How Will Todd Helton be Remembered?

Helton was good, but will he make the Hall?

For 17 seasons, he wore number 17 with pride. For 17 seasons, he was only twice surrounded by a team capable of winning it all. Through it all, though, he stuck with the same organization. 

After 17 seasons with the Colorado Rockies and Major League Baseball, Todd Helton is calling it quits.

How will he be remembered?

Before injuries began to derail his career in 2008, Todd Helton had put up consistently good numbers. He was the 8th overall selection in the 1995 draft. Because his debut came so late in 1997, his rookie season was 1998. 

In his first full season, Helton hit .315/.380/.530 while adding 37 doubles, 25 home runs and 97 RBI. Those numbers were good enough to earn himself 2nd place in the Rookie of the Year voting, behind Cubs pitcher Kerry Wood.

His following season proved 1998 was no fluke. Helton showed improvement (.320/.395/.587) while also notching more doubles (39), home runs (35) and RBI (113). 

It was the 2000, though, that marked a career year for Helton. He led all of baseball in batting average (.372), on-base percentage (.463), slugging percentage (.698), OPS (1.162), doubles (59) and RBI (147). He also led the National League in hits (216) and WAR (8.86).

Sure-fire MVP, right? Well no, not quite.

His career numbers are nothing to scoff at. His slash lines stand at .316/.414/.539 with 2,509 hits, 588 doubles, 368 home runs, and 1398 RBI.

You see, Helton's great career is marred by one very unfortunate circumstance: he spent all of it with the Colorado Rockies. As it pertains to the year 2000, the Rockies finished the season with a record of 82-80, good enough for 4th in the NL West (out of 5 teams). Jeff Kent of the San Francisco Giants won the MVP that season with teammate Barry Bonds right behind him. Rounding out the Top 4: Mike Piazza, catcher for the New York Mets, and Jim Edmonds, center fielder for the St. Louis Cardinals.

So what did Kent, Bonds, Piazza and Edmonds all have in common? They all played for playoff teams. 

The Giants won the NL West, the Mets took 2nd in the NL East (eventually making it to the World Series), and the Cardinals won the NL Central. The Rockies finished 2nd-last in their division. Is it Helton's fault that his team wasn't competitive? Certainly not. However, it clearly pays to play for a contender.

And so the story went for Helton and his Colorado Rockies. His career numbers are nothing to scoff at. His slash lines stand at .316/.414/.539 with 2,509 hits, 588 doubles, 368 home runs, and 1398 RBI. He's also walked more than he's struck out (1,334 walks to 1,166 strikeouts). 

He finished in the Top 10 for MVP voting on three separate occasions and up until 2008 was as consistent of a player as anyone could ask for.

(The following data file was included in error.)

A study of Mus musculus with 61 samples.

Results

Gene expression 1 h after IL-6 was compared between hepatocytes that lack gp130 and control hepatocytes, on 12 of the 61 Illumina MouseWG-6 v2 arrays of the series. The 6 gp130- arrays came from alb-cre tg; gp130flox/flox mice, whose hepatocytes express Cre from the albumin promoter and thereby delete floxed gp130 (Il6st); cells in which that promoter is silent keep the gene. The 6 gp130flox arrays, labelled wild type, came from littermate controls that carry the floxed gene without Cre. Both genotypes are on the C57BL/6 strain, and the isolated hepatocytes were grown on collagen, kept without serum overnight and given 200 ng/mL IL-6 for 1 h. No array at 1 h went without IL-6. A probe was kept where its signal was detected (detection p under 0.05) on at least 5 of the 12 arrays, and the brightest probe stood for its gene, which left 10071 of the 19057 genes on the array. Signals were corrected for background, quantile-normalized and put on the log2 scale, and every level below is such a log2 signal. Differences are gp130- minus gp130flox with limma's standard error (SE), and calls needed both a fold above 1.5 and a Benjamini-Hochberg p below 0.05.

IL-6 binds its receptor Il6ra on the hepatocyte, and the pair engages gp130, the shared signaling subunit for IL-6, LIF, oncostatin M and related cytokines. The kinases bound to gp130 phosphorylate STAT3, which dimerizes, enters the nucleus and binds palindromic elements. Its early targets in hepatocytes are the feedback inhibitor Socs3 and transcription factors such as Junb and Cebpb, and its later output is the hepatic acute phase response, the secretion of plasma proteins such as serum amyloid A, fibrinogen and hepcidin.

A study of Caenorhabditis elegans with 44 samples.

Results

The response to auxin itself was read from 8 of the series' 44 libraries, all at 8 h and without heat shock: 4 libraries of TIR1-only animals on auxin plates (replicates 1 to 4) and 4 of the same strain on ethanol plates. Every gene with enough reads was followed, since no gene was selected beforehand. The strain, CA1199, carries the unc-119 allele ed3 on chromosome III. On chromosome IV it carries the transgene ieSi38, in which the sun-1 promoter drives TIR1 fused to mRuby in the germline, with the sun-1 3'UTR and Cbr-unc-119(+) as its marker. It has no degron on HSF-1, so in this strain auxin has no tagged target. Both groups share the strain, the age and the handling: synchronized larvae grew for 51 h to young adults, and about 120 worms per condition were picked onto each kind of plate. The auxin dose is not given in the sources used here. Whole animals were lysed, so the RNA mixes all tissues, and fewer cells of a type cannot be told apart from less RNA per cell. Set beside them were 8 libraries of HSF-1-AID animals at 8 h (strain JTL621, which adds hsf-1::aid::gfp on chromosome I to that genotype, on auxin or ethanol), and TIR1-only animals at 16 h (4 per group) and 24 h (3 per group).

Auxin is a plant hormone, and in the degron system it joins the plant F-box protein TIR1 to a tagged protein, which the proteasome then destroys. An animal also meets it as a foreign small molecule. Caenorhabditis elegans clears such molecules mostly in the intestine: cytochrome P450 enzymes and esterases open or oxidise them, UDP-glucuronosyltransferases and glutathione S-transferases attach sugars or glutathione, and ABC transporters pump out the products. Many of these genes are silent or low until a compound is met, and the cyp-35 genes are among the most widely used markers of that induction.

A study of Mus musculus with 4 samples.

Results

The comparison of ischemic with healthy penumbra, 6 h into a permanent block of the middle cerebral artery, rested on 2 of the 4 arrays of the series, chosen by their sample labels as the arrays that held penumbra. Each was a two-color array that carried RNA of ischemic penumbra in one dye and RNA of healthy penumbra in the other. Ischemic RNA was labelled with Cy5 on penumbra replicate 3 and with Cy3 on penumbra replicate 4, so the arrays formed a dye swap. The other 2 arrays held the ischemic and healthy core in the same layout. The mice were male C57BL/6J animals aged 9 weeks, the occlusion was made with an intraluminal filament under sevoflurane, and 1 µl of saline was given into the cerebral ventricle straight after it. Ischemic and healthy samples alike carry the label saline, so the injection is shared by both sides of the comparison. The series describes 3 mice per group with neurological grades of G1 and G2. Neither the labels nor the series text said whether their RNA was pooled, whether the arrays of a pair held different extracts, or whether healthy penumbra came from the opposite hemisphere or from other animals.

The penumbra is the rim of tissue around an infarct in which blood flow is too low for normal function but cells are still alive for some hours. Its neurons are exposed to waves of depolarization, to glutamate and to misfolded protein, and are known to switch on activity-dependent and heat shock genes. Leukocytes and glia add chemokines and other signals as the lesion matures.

From 2000 through 2004, Helton earned all of his Silver Slugger awards (4), Gold Gloves (3), and All-Star game appearances (5). From 1998 through 2007, he played in at least 144 games per season.

In 2008, a back injury surfaced and limited him to just 83 games. He rebounded in 2009, playing in 151 games and posting lines of .325/.416/.489. 2010 brought with it more back pain and another disappointing season. 

While rebounding to post numbers of .302/.385/.466 in just 124 games during the 2011 season, it was clear Helton was not the same player that made him a household name in the early-to-mid 2000s. 

A hip injury put him on the disabled list early in 2012, and he returned to play in just 69 games before undergoing hip surgery, effectively ending his season. 

On Sept. 1, at age 40, Helton notched his 2,500th career hit. The 2007 season was the only season in his career the Rockies managed to make an appearance in the World Series. They were swept in four games by the Boston Red Sox.

Is Todd Helton Hall of Fame material?

Pat Graham of the Associated Press believes so, but it's clear that many will find it tough to justify letting Helton into the HOF because of this: He played with the Rockies his entire career, whose home ballpark is Coors Field, which happens to be the very definition of a hitter-friendly ballpark. 

Many will argue the altitude of Coors Field inflated his statistics, and while his statistics at home are staggering compared to those away from home (.345/.441/.606 at Coors Field, .287/.386/.856 away from Coors Field), I am firmly of the belief that no matter where you play, you still have to hit the ball. 

Todd Helton did just that in his 17 years at the major-league level. While his slugging percentage and home run totals would have undoubtedly been lesser had he played in a different home ballpark, Helton still hit for a respectable average year in and year out.

Am I saying he's a sure-fire HOFer? No. I'm simply saying he didn't have control over where he played baseball, just how he played baseball. For the majority of 17 seasons, Todd Helton played baseball very well.

On Saturday, Sept. 14, Helton confirmed that he'd be retiring at the end of the season. On Thursday, Sept. 19, Helton showed that despite being an old dog, he still knew how to fool the youngsters.

Todd Helton isn't Mariano Rivera. He won't be remembered as such, and he won't be held as highly in regard. There's no arguing he wasn't a special ballplayer, though.

On his retirement, Helton stated: "Obviously you have some regrets. I always feel and think I could have done more for the team. I wish I could have done everything a little better. I wish we had won more. But I am not going to let it worry me or cause me to not sleep at night. I know I gave it everything I had."

It's just unfortunate he didn't get more in return.